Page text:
When considering a career as a nurse it is important to understand not only the role but what benefits and salary you could be expecting as you progress up the ladder. To help you navigate through the process we are exploring everything you need to know about the benefits and salary for a nurse in the UK.
Average nursing salary ranges
Most medical professionals in the UK are employed by the National Health Service (NHS), which offers banded salaries for all its employees using the ‘agenda for change’ pay scale. This considers the level of expertise of the role, responsibilities, skills, abilities, and years of experience.
A nurse’s starting salary begins in band five and can increase to band nine with further qualifications and experience in the field. This applies to specialist nurses too, with mental health nurse salaries and paediatric nurse salaries also beginning in band five.
The annual average salary brackets for nursing roles in England, Wales and Northern Ireland are:
Band 5 nurse salary: Newly qualified nurses can earn from £25,655 to £31,534
Band 6 nurse salary: Nurses with more than five years’ experience or deputy ward managers, health visitors and specialist nurses can earn from £32,306 to £39,027
Band 7 nurse salary: Nurses who have undertaken further training and a master’s degree to progress toward ward managers, emergency nurse practitioners or clinical specialists can earn from £40,057 to £45,839
Band 8 nurse salary: Modern matrons and chief nurses can earn from £47,125 to £90,837
Band 9 nurse salary: Nursing consultants, who are considered an expert in the field and work to educate others can earn from £93,735 to £108,075
Nurses can also qualify for enhanced rates depending on if they work a bank holiday, weekend, or night shift. They also have the opportunity to earn more if they take on extra shifts. Likewise, extra pay is given to those who work in areas where living costs are high, such as London.
Salaries outside of the NHS may vary depending on the organisation and sector.
Nurse salaries in Scotland
NHS salary bands in Scotland are slightly different from those found in other UK nations. The annual average salary brackets for nursing roles in Scotland are:
Band 5 nurse salary: £26,104 - £32,915
Band 6 nurse salary: £33,072 - £40,736
Band 7 nurse salary: £40,872 - £47,846
Band 8 nurse salary: £50,965 - £92,424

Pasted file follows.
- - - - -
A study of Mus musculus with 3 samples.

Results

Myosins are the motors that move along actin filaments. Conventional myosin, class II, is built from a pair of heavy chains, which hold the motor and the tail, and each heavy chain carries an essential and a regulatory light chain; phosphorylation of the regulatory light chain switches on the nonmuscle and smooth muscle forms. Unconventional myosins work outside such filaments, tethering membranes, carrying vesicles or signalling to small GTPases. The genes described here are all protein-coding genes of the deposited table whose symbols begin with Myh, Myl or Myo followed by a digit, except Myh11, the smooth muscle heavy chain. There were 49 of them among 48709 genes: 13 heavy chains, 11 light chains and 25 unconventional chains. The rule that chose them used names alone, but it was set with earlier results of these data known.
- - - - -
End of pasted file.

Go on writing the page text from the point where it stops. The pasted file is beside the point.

Band 9 nurse salary: £105,635 - £110,468
Annual leave entitlement
As the NHS is an institution that provides care every day, all-year-round, nurses work on a rota basis that consists of 37.5 hours a week, which is usually divided into 12-hour shifts, with three days on and four days off.
Nursing staff that work full-time hours are entitled to receive 27 days annual leave, plus eight bank holidays when they first start with the organisation. After five years within the service, this increases to 29 days, plus eight bank holidays and finally after 10 years working for the NHS nurses are entitled to 33 days and eight bank holidays.
As well as salary, the NHS offers its nurses the following benefits:
Enrolment on the NHS pension scheme, which follows a final salary programme that pays out on the average career earnings when you retire
Access to the NHS discounts platform
Childcare facilities within hospitals and support with costs
Opportunities to take study leave
Access to occupational health and counselling services
When pursuing a career in nursing, professional development is key. Nurses must continue learning the latest techniques and be competent in the latest technology to successfully provide quality care to patients. It is also vital to career progression for those that want to climb the ranks.
Additionally, in the UK all nurses must undertake continuing professional development (CPD) every three years to be revalidated as a nurse – and ensure all training is refreshed and up to date as part of a standardised process across the country. Some activities that fall within this particular training are peer reviews, mentoring, in-person or virtual group meetings, conferences, and structured learning.
Similar to other medical professions, many people who choose to become a qualified nurse aim to move up into more senior roles within a hospital setting, such as managers, specialists, or matrons. However, nursing can also lead to other medical roles with further training, such as a midwife, health visitor, practice nurse, or even progress into teaching and research opportunities.
To find out more about salaries for roles across a variety of sectors, download our salary guides now.